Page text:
Want to know how many people are living without a toilet today? 2.5 billion.
Frank Rijsberman, director of the Water, Sanitation and Hygiene program at the Bill & Melinda Gates Foundation’s global development program, intends to fix that. While at the World Water Forum in Marseilles, France, Rijsberman presented five action plans, which he calls “components,” he feels are essential to providing sustainable sanitation services that work for everyone.
Explore new and innovative sanitation solutions that do not rely on sewers.
Campaign for an end to open defecation.
Provide sustainable services at scale by understanding the cost of services.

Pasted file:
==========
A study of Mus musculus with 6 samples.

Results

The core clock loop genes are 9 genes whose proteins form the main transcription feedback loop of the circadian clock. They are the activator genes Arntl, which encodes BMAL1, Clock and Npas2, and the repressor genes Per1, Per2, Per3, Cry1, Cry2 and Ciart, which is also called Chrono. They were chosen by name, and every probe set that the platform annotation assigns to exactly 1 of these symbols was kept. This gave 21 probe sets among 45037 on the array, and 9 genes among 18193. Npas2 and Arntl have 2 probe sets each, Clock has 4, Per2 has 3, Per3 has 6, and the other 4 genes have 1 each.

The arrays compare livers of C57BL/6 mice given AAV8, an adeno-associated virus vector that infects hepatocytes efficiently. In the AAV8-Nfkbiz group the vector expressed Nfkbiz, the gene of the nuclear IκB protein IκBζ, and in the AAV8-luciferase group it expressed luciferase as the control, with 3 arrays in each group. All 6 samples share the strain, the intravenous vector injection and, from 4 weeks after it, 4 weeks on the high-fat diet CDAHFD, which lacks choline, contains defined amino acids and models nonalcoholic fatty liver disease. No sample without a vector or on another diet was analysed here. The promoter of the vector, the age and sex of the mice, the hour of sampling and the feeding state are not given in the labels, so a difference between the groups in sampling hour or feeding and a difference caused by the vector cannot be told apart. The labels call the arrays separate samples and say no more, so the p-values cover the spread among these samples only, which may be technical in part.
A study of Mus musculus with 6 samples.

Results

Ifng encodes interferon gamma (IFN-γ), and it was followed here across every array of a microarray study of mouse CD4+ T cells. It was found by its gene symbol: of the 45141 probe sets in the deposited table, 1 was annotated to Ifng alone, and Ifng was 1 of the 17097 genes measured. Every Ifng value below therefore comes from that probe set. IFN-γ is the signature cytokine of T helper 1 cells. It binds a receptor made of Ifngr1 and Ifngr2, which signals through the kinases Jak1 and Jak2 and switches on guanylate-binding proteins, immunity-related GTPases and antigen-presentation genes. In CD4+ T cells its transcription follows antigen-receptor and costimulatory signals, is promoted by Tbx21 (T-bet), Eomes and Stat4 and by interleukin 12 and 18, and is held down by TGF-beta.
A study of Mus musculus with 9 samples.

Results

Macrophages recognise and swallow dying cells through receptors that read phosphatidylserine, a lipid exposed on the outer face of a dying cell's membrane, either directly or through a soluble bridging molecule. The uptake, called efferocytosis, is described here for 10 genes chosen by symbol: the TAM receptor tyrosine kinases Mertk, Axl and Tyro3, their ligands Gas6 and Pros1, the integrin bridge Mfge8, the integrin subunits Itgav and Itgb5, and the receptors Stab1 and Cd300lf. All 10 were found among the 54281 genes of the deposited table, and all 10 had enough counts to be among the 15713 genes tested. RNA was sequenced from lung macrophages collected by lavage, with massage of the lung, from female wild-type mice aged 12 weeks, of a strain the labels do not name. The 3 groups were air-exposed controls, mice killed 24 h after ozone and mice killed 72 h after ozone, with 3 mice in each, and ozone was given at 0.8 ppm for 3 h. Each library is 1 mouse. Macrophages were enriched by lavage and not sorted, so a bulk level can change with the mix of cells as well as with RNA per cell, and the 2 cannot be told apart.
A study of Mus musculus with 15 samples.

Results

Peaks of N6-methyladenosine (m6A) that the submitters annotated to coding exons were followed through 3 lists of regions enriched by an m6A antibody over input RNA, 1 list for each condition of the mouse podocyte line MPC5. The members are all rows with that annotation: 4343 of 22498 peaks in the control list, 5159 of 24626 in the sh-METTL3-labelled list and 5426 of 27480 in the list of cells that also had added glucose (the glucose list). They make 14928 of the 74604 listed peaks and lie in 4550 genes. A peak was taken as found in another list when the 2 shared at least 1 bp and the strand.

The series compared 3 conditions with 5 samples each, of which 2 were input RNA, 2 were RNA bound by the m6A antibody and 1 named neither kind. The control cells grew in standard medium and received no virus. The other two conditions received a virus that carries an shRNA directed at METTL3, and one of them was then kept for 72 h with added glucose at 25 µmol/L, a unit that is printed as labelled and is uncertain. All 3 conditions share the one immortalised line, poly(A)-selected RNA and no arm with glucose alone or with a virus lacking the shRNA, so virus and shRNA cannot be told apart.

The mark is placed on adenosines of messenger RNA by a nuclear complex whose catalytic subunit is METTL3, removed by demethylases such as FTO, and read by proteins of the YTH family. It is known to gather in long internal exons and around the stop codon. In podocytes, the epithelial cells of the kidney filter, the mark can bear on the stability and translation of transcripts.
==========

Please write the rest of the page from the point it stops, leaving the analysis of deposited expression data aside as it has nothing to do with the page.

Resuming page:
Explore business opportunities in sanitation.
Endorse political commitments on sanitation and participate in venues like Sanitation & Water for All to share lessons learned and find solutions to standing problems.
Rijsberman said reinventing the toilet is not just about technology, but a new way of thinking to provide best solutions to the poor. He said the Gates Foundation has reversed its funding for the sector: When in the past 90 percent was allocated for water and hygiene programs, now 90 percent is allotted for sanitation. This is to stimulate innovation in research, delivery models and advocacy to accelerate progress on sanitation.
Read more development aid news online, and subscribe to The Development Newswire to receive top international development headlines from the world’s leading donors, news sources and opinion leaders — emailed to you FREE every business day.